Misquotes

3rd December 2014

Ever heard these famous quotes? You may be surprised to learn that all is not as it seems with them…

“Beam me up, Scotty” Star Trek

Widely attributed to Captain Kirk in Star Trek, in fact this line was never uttered! Kirk did say, however, “Beam us up, Mr Scott” in one episode.

“Elementary, my dear Watson” Sherlock Homes, Arthur Conan Doyle

The catchphrase of Sherlock Holmes written by Sir Arthur Conan Doyle? Actually, no. In fact, Conan Doyle never wrote this line in any of the books he published! It is another celebrated British writer, P.G. Wodehouse, who is credited with coining the phrase in a completely unrelated work of fiction. This quote was most probably made popular by various films wherein Sherlock does say this line. In some ways, then, the quote is rightly attributed to Sherlock, if not Conan Doyle, however, it is a line plagiarised from Wodehouse, and not part of the classical cannon of the books.

“Lead on Macduff” Macbeth, Shakespeare

Perhaps not as widely known as the previous two, nevertheless, it is a line often quoted incorrectly. In fact, the line is pretty similar so it is easy to see where the mistake was made. Macbeth actually says “Lay on, Macduff” (Act 5, Scene 8), and, rather than telling Macduff to lead the way, as is the context in which this quote is often used, he is asking Macduff to start the fight which they are about to have.

“Let them eat cake” Marie Antoinette

Whilst commonly attributed to Marie Antoinette, it is probable that she never said it. In his autobiography, Confessions, Jean-Jacques Rousseau quotes this line (in French) as being said by a “great princess”. The volume in which this quote was in written was completed before Marie even arrived in France by a couple of years at least! Louis XVIII also quoted this line in a memoir and attributed it to the wife of Louis XIV, Maria-Thérèse. Moreover, there is plenty of evidence which shows Marie was a very conscientious, intelligent woman who was unlikely to have said anything quite so obtuse.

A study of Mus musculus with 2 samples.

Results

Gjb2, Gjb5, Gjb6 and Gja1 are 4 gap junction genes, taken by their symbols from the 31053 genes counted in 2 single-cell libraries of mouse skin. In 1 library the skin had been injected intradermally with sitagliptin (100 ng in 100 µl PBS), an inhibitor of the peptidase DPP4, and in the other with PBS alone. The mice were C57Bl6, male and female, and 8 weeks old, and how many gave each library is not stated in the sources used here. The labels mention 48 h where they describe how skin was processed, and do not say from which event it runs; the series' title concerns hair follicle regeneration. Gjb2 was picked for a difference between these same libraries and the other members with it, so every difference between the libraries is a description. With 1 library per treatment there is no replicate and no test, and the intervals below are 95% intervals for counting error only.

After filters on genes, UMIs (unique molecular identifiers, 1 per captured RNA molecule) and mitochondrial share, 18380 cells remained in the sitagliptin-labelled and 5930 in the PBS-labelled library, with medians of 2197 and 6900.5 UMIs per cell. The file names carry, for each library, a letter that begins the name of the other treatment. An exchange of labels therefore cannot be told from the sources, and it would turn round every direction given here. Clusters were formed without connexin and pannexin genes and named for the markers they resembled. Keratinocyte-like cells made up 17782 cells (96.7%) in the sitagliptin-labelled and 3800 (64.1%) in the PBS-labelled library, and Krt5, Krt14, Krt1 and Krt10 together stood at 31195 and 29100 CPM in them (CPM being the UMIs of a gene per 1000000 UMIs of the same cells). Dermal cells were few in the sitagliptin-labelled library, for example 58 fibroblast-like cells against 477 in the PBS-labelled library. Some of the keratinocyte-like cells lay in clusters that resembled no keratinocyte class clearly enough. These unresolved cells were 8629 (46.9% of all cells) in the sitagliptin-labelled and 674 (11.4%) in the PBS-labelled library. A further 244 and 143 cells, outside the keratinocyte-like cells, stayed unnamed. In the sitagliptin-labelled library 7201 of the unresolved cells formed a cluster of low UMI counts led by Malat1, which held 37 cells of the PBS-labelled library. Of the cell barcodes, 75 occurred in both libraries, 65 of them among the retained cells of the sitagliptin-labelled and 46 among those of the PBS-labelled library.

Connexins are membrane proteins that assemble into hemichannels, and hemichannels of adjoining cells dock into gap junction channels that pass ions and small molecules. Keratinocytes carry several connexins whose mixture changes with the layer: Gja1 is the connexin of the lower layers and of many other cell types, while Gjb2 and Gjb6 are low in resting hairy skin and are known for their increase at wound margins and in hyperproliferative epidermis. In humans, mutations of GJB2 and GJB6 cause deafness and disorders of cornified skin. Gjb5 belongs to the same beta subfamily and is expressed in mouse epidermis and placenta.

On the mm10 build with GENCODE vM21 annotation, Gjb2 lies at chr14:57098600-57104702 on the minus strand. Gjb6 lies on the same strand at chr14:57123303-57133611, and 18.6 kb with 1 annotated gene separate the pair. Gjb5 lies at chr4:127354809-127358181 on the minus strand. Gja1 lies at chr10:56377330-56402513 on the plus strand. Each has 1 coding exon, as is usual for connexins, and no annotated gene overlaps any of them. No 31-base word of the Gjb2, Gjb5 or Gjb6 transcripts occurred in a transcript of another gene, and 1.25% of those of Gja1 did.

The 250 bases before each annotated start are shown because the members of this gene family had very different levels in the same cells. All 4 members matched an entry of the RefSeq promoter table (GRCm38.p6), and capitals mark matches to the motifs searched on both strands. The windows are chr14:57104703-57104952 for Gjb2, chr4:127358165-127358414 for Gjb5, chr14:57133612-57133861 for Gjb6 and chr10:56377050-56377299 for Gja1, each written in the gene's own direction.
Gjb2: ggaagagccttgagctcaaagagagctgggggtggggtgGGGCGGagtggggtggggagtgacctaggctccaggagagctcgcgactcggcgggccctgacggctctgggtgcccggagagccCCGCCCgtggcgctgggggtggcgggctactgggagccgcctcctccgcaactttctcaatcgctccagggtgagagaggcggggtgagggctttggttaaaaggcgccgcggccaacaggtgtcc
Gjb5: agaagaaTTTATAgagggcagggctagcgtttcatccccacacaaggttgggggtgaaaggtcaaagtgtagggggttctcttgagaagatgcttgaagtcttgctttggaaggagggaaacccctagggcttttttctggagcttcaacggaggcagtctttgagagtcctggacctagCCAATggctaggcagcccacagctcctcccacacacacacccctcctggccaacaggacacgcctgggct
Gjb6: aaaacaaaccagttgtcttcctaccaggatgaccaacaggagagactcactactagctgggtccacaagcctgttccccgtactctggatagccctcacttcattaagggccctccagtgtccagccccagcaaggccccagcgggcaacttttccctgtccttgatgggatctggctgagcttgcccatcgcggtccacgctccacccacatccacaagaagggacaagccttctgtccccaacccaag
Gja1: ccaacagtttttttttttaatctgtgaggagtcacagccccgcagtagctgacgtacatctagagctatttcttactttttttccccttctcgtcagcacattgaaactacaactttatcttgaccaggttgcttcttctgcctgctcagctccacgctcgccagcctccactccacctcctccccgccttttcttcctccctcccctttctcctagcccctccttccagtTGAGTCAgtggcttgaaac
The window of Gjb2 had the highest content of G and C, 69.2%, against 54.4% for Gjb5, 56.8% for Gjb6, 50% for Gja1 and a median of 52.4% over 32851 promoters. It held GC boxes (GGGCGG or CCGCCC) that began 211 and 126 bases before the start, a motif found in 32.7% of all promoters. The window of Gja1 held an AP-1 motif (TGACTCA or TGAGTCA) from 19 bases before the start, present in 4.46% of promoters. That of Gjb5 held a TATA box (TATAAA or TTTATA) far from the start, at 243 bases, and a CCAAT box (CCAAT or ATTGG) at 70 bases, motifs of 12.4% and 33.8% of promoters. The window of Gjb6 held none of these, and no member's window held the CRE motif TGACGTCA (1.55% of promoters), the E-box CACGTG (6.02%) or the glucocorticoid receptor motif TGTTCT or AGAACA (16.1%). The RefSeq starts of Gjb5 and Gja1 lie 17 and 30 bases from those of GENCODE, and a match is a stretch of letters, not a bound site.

“Luke, I am your father” Star Wars

This one is only slight wrong. The original line in Star Wars Episode V: The Empire Strikes Back was “No, I am your father”. The change to this quote was probably so that it made sense by itself as well as to make it instantly recognisable from the film (by replacing “no” with “Luke”).

“That’s one small step for man, one giant leap for mankind” Neil Armstrong

Poor audio meant that Armstrong was misheard – in fact he said: “That’s one small step for a man, one giant leap for mankind”. Such a slight change and yet it does make a difference in the clarity of the line. “Man” is a collective noun, just like “mankind”, whereas “a man” is more personal and relates specifically to him. With the addition of “a”, the line becomes a powerful juxtaposition between the physically small step that he made and the “giant leap” that mankind made through achieving a successful moon landing.

“Money is the root of all evil” The Bible

The quote from the bible actually says: “Love of money is the root of all evil” (Timothy 6:10). The change here is quite important in that the emphasis of the original saying is on the importance people place on money, while the altered saying implies that all money is evil, which seems to miss Timothy’s point entirely.